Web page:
Today the Producer Price Index (PPI) told a similar story to yesterday’s CPI data. Inflation has moved sharply lower in July. In the case of the PPI, prices actually declined 0.5% for July when compared to June.

This brings a welcome break from a string of price increases throughout 2022’s monthly PPI reports. Of course, given the recent run-up and despite July’s decline, PPI prices remain up almost 10% year-over-year.

July’s price decline is mostly due to falling energy costs which are down 9% for the month. Once those are stripped out, underlying inflation may remain at a higher level than the Fed wants to see. Excluding food and energy costs for July prices rose 0.2% translating to a 2.4% annualized inflation rate, slightly ahead of the Fed’s inflation goal but much better than many recent months.

Still, it is clearly encouraging that inflation has moved lower for July. Assuming energy pricing doesn’t spike from here, it seems likely that peak U.S. inflation is behind us.

Also, even without energy there are encouraging trends, such as services prices trending lower. Services prices are often less impacted by commodity price swings and are perhaps a better measure of underlying inflation in the economy.

Food Costs Still Rising

As with yesterday’s CPI data, one obvious concern is food price inflation. With food costs up 1% for July in the PPI index. Food is a major cost, especially for lower income households. However, even if food costs do continue to spike, inflation may trend lower from here.

A Question For The Fed

The Fed has an interesting challenge ahead. Even if inflation is trending lower from here, as seems likely, the question is – when inflation is low enough?

The Fed has a 2% target for inflation. Of course, we’re currently well ahead of that because of the run up in prices. The Fed doesn’t want to end its inflation battle too soon, but its also worried about pushing the U.S. into recession as many indicators suggest is a strong possibility.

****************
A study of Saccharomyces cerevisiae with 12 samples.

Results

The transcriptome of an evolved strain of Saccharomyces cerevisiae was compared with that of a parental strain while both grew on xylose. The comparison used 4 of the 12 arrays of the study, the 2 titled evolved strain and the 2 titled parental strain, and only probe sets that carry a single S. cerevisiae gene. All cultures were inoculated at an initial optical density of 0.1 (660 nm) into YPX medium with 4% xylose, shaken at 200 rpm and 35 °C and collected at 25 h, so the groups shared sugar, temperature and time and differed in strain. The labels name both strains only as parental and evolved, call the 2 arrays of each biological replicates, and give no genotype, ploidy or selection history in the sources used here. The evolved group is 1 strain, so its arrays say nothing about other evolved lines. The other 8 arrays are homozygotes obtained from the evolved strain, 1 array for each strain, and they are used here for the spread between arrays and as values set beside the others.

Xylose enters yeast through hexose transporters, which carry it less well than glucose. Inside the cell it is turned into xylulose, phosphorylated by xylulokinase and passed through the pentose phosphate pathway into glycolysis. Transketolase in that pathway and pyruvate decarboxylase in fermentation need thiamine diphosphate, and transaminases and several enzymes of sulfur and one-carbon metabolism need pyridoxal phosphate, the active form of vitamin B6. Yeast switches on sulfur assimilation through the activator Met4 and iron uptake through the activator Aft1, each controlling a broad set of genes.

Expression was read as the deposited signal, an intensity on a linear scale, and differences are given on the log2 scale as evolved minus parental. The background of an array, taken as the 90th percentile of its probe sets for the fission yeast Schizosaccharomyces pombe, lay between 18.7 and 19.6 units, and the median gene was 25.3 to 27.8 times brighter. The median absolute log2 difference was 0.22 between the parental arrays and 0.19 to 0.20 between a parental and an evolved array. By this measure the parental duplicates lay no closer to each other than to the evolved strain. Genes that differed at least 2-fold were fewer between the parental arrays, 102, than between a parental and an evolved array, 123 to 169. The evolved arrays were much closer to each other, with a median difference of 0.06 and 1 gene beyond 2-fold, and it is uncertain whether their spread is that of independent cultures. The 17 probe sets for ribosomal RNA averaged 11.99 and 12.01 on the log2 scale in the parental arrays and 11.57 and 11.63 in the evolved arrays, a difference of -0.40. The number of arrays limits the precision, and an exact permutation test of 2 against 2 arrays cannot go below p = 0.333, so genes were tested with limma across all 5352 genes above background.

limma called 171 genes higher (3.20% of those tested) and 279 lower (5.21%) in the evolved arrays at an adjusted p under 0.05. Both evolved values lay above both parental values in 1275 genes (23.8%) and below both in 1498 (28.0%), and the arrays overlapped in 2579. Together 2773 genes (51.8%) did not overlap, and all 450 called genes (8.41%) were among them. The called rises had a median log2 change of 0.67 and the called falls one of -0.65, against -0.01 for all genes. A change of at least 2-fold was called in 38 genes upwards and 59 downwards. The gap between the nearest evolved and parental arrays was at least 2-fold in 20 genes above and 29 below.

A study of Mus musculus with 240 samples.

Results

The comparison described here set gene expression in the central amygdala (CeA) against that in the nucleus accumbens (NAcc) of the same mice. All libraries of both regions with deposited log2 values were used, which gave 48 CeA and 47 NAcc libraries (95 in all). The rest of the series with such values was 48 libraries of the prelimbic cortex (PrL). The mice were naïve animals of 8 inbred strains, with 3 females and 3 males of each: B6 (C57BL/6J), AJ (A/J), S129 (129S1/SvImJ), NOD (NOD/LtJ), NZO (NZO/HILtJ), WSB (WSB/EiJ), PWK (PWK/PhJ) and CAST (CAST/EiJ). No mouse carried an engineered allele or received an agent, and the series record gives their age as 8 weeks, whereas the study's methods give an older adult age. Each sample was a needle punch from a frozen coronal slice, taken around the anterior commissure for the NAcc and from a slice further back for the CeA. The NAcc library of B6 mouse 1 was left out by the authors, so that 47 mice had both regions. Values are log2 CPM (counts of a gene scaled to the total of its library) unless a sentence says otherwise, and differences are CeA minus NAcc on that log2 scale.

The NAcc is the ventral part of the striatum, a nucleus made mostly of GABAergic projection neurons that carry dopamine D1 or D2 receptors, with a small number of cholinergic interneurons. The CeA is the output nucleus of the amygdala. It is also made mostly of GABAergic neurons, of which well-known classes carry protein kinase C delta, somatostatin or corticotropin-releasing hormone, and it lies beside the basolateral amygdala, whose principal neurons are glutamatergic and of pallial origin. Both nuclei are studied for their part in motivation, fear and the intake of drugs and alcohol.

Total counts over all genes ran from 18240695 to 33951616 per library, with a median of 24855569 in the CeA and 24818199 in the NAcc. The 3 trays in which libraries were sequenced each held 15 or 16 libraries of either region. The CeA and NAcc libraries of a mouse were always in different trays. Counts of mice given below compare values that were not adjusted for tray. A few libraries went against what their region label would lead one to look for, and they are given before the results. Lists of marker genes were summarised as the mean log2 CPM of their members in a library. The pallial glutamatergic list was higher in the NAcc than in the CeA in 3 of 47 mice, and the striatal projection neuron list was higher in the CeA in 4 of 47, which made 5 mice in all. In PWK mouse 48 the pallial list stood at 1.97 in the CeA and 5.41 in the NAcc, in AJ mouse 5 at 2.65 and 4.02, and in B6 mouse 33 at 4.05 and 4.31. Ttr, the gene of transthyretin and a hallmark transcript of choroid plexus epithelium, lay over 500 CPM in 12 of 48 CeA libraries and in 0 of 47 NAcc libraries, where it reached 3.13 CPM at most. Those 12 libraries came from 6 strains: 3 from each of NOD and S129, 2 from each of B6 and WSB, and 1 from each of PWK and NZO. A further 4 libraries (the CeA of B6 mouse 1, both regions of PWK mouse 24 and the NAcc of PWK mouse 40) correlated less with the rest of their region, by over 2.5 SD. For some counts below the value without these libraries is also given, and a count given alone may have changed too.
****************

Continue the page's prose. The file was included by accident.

Looking forward the Fed will need to estimate where inflation is going in setting interest rates. To make sure that inflation really is trending back to their 2% target. A single month of price data is unlikely to offer sufficient confidence, though it is encouraging.

Today’s PPI report is welcome news, but inflation forecasting remains a complex problem. The markets think the Fed will start to moderate rate increases slightly at their September meeting, but rates are still certainly expected to move up. The most likely outcome according to futures markets is that the Fed raises rates 50bps, with an outside chance of a 75bps hike. That’s still a big move, but it’s a probably step down from the very large moves we’ve seen at recent meetings.

Today’s PPI data offers further evidence that we have likely passed peak U.S. inflation. However, whether the recent moves up in interest rates together with declines in commodity prices have done enough to take inflation back to the Fed’s 2% target remains to be seen. The markets still think the Fed has some work to do and will continue to raise rates for the remaining Fed meetings of 2022. However, perhaps some of the steeper rate hike scenarios are now less likely as inflation appears somewhat tamed.